El Faro
Map retracing the route of container ship El Faro which sank during Hurricane Joaquin in October. Reuters

A US Navy search team has located the wreckage of a cargo ship believed to be the El Faro at about 15,000 feet of water off the coast of the Bahamas, the National Transportation Safety Board announced on 31 October. The NTSB said that preliminary sonar imaging of the ship reveals it appears to be intact.

"Sophisticated sonar equipment towed from Apachefirst detected what are believed to be images of the vessel using Orion, a side-scanning sonar system, at about 1.36pm ET on October 31 during the fifth of 13 planned search line surveys," the NTSB said. It added that specialists on the USNS Apache planned to use CURV 21, a deep ocean remotely operated vehicle, to confirm the identity of the wreckage as early as 1 November.

According to NPR, the NTSB said if the wreckage is confirmed to be that of the El Faro, a video camera will be used to document the ship and its debris. The NTSB will also attempt to recover the voyage data recorder. Operations are expected to take up to 15 days but could be extended depending on weather and other conditions.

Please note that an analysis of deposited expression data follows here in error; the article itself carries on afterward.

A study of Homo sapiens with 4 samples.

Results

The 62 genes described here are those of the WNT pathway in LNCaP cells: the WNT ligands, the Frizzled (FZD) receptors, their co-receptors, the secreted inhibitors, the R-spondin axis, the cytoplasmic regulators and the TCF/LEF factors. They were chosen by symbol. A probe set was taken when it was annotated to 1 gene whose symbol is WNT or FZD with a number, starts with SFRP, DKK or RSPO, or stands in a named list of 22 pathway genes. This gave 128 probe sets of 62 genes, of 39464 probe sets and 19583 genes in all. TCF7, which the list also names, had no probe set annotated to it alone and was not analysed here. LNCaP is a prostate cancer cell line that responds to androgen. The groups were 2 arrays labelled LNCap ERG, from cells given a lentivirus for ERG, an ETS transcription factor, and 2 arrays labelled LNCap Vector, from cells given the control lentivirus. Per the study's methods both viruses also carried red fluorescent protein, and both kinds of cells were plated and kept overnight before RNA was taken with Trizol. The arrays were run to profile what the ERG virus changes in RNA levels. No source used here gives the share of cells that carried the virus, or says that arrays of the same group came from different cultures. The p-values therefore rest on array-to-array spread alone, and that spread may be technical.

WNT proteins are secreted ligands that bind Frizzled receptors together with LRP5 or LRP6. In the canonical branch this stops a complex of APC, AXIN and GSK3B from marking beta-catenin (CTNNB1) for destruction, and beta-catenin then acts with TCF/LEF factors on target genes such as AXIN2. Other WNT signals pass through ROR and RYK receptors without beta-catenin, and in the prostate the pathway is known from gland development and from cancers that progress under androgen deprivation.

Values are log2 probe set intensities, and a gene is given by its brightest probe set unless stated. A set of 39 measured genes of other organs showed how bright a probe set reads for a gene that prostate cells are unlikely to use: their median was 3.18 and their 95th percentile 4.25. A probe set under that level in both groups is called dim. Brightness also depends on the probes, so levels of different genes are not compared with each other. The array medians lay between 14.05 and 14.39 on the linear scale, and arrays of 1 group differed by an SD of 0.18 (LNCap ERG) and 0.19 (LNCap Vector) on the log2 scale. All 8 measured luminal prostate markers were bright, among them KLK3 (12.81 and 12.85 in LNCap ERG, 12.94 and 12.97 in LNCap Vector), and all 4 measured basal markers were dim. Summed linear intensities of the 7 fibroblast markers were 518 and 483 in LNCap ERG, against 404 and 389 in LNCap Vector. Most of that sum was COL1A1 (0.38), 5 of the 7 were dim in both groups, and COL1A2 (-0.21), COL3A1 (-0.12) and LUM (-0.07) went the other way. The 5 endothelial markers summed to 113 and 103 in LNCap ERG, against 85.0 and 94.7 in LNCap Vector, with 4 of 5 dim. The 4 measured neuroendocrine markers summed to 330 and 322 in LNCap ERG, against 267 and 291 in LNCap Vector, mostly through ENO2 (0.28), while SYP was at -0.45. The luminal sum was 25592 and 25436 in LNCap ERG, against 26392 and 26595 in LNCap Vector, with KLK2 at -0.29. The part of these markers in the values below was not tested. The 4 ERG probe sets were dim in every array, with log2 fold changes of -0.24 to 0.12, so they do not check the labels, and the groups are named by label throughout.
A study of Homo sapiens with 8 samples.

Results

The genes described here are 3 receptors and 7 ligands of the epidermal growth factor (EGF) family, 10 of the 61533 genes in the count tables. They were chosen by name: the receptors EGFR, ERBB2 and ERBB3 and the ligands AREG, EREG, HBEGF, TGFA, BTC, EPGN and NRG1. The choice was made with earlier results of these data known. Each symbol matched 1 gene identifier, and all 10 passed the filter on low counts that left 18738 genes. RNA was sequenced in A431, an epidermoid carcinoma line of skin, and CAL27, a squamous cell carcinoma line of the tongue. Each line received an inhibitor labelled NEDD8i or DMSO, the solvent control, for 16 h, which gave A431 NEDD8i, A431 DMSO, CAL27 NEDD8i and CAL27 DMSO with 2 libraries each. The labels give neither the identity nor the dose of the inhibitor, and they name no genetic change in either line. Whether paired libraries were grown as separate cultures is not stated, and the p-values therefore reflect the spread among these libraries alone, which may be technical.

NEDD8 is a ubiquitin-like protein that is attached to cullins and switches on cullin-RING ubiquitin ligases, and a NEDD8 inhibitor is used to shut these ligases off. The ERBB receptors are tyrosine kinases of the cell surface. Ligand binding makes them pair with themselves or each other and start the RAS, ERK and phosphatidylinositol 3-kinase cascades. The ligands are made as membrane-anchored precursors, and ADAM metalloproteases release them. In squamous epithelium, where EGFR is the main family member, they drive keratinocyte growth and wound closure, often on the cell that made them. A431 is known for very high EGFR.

The 790-foot cargo ship disappeared on 1 October with 33 crew members during Hurricane Joaquin off the coast of the Bahamas. The El Faro was in the middle of a voyage from Jacksonville, Florida to San Juan, Puerto Rico when it lost contact. The El Faro had a crew of 28 Americans and five Polish nationals between the ages of 23 and 54.

Prior to its disappearance, the El Faro Captain Michael Davidson called the ship's owner of satellite phone to report "a marine emergency". Davidson said that the ship had "a hull breach" and that a hatch on the vessel had blown open before it reportedly sunk. One of the ship's holds was taking on water. The NTSB also said the captain reported the 40-year-old ship had lost its main propulsion union and could not be restarted by the vessel's engineers.

During the initial search for the vessel by the US Coast Guard, searches discovered debris and one body in a survival suit. According to NBC News, the vessel and its sister ship were scheduled to be replaced by two new ships. The ship was being retrofitted for service between the West Coast and Alaska, the ship's owner said.